Reduction printing day 3 with Lisa Studier


Today I’m going to talk about color and ink. I use oil-based lithographic ink, but block printing ink works well, too. I like litho ink because it has a really nice, smooth texture. Etching ink is too coarse, so don’t use that.

Cans of litho ink

Cans of litho ink

Oil-based ink has a beautiful lustrous quality to it that I feel gives the image a lot of depth. However, it does require cleanup with a solvent such as mineral spirits. I’ve never tried water-based ink, and in fact I’m not sure it would work out with reduction printing on woodblocks. The block has to be cleaned after each color printing, and I don’t think repeated cleanings with water would be good for a woodblock. Water-based ink would probably be fine with a linoleum block.

As far as color, it is best to build up the layers from light to dark. The ink is not totally opaque, so underlying layers will impact the tone of colors printed on top of them. If you want a really bright yellow but you’ve already printed dark blue, you’re out of luck.

Horned Lizard II reduction woodcut

Horned Lizard II reduction woodcut

In this Horned Lizard print that I made at Stonetrigger in 2013, I printed the light yellow layers first, then orange, red, brown, and finally the darkest purple/black. I did a total of six colors–you may not be able to see them all unless you’re looking closely at the print. I often print layers of color that are very close in tone, for example first a bright yellow and then a slightly darker yellow. It’s subtle, but it helps to build up depth in the image, almost like shading with a pencil.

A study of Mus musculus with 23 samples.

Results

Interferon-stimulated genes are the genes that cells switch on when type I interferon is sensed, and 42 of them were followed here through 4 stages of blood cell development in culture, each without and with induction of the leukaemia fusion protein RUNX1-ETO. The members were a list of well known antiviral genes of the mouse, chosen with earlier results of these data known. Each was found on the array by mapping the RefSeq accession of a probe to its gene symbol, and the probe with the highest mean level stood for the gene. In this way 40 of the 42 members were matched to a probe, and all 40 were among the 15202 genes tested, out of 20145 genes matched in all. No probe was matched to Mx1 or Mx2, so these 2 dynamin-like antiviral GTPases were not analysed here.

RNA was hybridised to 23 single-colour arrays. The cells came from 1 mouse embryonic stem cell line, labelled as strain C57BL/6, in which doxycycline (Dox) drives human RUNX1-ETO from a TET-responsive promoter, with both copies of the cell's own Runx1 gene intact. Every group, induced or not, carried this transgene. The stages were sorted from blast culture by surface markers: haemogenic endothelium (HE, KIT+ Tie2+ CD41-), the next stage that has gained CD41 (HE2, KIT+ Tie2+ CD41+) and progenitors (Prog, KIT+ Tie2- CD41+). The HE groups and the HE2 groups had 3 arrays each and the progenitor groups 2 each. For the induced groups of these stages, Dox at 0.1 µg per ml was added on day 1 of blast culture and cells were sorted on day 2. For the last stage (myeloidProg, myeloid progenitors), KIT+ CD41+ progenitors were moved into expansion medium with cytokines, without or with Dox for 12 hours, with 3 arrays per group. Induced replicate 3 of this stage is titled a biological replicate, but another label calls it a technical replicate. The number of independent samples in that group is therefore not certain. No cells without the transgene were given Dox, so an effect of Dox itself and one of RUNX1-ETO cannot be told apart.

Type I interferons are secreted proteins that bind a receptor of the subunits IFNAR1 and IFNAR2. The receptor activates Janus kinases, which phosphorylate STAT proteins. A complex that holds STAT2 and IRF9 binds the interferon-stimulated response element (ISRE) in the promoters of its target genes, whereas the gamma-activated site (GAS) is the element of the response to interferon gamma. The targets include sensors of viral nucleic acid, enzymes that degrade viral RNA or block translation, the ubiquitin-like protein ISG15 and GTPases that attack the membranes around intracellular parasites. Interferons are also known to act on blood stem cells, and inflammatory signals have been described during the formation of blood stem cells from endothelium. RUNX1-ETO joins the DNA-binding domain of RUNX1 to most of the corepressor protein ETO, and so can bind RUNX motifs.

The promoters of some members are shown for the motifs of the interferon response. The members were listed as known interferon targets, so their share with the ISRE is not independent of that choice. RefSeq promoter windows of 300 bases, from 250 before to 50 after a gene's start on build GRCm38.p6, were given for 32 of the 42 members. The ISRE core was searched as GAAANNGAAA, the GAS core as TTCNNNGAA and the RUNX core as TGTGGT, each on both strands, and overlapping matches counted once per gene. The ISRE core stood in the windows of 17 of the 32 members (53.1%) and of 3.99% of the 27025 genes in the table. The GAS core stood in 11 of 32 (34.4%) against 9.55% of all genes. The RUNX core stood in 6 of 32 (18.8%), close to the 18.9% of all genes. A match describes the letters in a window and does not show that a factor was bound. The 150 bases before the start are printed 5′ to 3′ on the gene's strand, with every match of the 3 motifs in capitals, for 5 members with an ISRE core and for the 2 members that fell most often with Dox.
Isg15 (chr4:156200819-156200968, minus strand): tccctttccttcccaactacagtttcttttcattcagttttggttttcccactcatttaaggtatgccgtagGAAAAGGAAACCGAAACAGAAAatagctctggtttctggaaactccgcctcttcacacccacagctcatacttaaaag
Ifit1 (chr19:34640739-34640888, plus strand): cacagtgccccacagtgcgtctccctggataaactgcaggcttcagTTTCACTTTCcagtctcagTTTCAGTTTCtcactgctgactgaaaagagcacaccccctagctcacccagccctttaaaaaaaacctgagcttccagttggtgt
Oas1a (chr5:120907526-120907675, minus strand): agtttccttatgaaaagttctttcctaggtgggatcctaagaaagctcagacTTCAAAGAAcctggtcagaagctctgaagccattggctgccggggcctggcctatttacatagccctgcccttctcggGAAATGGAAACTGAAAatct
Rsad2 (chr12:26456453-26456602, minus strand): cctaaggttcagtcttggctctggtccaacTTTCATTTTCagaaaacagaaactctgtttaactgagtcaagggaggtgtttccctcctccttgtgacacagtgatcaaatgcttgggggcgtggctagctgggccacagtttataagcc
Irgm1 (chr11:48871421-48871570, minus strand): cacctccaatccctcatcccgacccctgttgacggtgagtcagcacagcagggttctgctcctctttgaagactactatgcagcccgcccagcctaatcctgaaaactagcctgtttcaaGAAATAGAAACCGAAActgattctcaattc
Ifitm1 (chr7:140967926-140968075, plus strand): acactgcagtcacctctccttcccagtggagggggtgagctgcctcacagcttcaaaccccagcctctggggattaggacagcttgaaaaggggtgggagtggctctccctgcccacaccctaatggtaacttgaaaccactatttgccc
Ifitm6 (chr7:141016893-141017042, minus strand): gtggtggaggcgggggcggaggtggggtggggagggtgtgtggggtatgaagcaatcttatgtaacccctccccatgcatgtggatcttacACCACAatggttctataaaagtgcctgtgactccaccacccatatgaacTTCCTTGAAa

When I start a print, I have a general idea of what colors I’m going to use, but it’s very, very general. Once I start printing and actually see how a color looks with what I’ve already printed, I often completely change course and make very different decisions than what I was thinking when I started. My biggest piece of advice for reduction printing is don’t try to plan it all out in advance. Trying to match an exact plan will drive you crazy, and you really can’t know how the colors will look together until they’re on the paper. Being willing to adjust as the image develops will make you much happier throughout the process.

Hamburg chicken, second color

Hamburg chicken, second color

This is the third print I’m working on this week, a Silver-spangled Hamburg chicken. The first color was blue, second color a brownish gray. I hope to add four more colors, but at this point in the process I have no idea what they will be, except that they will get progressively darker. Stay tuned!